You don't have to be a football fan, and you don't have to have seen "Brian's Song," the milestone 1970 TV drama about the life and death of the Chicago Bears' Brian Piccolo, to know how CBS' Tuesday night movie comes out.
Nor should that stop you from tuning in "Triumph of the Heart: The Ricky Bell Story" (9 p.m., Channel 11) for a triumph of a TV tear-jerker.
In 1977, University of Southern California running back Ricky Bell was the Tampa Bay Buccaneers' first-round draft pick. He became the sixth-leading rusher in the NFL in 1979 -- the same year he led the Bucs to their first playoff appearance.
But by 1981, Mr. Bell was giving less and less to his sport. That's when he was introduced to Ryan Blankenship, a young fan struggling with physical challenges of his own. As a small child, Ryan suffered seizures that left him with speech and physical disabilities. At age 10, Ryan could barely read, speak or catch a ball.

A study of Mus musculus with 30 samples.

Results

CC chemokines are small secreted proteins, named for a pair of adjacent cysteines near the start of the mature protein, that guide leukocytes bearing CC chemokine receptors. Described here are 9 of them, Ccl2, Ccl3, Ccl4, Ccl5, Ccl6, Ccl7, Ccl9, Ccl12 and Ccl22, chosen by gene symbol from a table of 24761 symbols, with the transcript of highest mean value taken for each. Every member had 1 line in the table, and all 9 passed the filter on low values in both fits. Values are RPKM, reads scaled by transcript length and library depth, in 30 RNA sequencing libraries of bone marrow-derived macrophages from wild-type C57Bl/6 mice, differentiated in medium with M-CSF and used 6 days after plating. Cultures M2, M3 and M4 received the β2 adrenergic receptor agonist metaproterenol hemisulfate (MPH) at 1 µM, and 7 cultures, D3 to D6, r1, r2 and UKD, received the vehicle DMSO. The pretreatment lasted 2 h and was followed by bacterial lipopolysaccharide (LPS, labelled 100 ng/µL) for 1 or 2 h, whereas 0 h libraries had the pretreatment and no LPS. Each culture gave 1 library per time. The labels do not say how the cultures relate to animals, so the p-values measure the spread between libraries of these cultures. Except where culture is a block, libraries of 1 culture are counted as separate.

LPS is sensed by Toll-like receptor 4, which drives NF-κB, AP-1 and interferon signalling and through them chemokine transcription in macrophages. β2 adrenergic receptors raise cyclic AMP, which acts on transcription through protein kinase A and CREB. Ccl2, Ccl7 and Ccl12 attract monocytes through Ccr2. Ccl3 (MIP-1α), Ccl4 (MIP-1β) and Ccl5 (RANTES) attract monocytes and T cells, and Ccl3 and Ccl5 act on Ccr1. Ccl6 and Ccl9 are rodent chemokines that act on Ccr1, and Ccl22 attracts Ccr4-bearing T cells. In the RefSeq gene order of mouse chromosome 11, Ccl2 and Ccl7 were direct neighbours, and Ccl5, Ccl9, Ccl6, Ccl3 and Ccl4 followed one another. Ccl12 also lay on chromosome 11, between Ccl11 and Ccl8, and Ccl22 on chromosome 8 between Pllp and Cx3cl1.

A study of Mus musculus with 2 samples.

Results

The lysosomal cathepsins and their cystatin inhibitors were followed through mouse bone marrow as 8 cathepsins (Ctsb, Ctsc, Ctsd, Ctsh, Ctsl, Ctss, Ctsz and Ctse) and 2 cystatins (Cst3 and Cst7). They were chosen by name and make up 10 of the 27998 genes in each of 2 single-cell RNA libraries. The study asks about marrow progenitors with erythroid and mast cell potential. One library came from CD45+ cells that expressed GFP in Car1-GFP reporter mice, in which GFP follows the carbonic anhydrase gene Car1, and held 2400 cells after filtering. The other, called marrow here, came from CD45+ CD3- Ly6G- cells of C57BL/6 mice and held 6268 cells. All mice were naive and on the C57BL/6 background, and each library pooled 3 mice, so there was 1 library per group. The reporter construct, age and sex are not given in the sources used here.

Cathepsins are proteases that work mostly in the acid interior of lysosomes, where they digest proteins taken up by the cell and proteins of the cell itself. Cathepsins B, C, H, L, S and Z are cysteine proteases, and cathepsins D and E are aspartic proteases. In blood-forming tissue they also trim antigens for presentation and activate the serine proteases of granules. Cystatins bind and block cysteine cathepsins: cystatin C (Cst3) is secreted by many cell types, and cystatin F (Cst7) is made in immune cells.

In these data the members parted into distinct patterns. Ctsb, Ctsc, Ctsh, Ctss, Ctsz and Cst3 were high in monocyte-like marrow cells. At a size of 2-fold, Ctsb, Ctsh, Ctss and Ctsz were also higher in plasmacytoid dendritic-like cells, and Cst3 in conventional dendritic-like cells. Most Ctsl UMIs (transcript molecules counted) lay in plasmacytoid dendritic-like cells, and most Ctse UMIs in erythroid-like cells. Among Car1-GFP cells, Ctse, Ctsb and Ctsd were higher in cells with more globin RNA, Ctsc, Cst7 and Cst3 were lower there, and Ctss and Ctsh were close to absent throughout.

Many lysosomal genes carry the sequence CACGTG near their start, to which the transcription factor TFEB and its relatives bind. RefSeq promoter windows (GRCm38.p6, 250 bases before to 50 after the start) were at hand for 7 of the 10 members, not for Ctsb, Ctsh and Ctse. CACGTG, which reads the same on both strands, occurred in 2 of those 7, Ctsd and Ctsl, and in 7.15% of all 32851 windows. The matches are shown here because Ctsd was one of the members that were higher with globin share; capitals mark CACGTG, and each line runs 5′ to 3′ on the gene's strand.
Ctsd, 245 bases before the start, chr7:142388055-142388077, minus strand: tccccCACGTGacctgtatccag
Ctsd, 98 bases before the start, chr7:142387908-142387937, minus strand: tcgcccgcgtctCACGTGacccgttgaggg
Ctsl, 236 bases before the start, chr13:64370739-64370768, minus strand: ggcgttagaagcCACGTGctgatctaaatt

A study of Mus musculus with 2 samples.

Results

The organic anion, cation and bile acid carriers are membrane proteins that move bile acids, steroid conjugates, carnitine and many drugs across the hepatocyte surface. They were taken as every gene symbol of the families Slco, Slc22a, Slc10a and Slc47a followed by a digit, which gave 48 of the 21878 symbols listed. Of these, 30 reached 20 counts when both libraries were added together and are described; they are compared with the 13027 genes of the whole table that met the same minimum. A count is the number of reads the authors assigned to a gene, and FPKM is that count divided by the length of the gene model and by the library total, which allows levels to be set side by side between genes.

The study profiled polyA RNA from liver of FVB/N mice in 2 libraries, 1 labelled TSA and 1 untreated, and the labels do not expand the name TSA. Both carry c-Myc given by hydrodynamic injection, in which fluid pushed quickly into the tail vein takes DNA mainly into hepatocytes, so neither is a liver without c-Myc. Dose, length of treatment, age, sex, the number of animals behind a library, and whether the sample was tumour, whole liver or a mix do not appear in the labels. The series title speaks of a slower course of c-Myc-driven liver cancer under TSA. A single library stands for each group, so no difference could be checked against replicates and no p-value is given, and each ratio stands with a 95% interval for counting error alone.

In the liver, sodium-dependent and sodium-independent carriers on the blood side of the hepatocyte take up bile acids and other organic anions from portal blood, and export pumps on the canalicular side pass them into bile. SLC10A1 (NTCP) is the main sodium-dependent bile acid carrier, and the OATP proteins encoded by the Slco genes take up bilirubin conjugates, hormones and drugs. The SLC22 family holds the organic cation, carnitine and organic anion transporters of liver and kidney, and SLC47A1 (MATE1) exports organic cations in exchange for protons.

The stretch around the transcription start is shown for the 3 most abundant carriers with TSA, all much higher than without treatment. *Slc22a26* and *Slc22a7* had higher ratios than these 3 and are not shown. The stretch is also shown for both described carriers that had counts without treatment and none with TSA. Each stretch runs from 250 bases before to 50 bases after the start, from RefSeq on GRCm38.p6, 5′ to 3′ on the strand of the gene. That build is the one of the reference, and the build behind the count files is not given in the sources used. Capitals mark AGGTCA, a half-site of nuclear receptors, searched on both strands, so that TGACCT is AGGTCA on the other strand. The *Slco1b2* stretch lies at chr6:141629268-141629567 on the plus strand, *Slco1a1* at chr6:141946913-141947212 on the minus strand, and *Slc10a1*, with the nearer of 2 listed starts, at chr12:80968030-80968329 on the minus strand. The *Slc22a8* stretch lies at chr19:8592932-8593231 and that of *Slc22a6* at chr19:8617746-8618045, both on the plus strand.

"Icky" Bell (as Ryan called him) said he'd help the boy. But as these types of stories traditionally turn out, the child proved an equal inspiration to the adult.
This is an actor's movie in which every tear turns on the honest performances of its leads. Mario Van Peebles delivers a sensitive portrayal of gridiron hero Mr. Bell. But it is for 14-year-old Lane Davis as Ryan that this picture represents a most impressive triumph.
In 1989, he was set to appear in the movie "She-Devil" when he was hit by a car. He sustained severe head injuries and spent nine days in a coma. He has undergone two craniotomies and more than two years of intensive therapy to overcome speech impairment and partial paralysis of his right arm.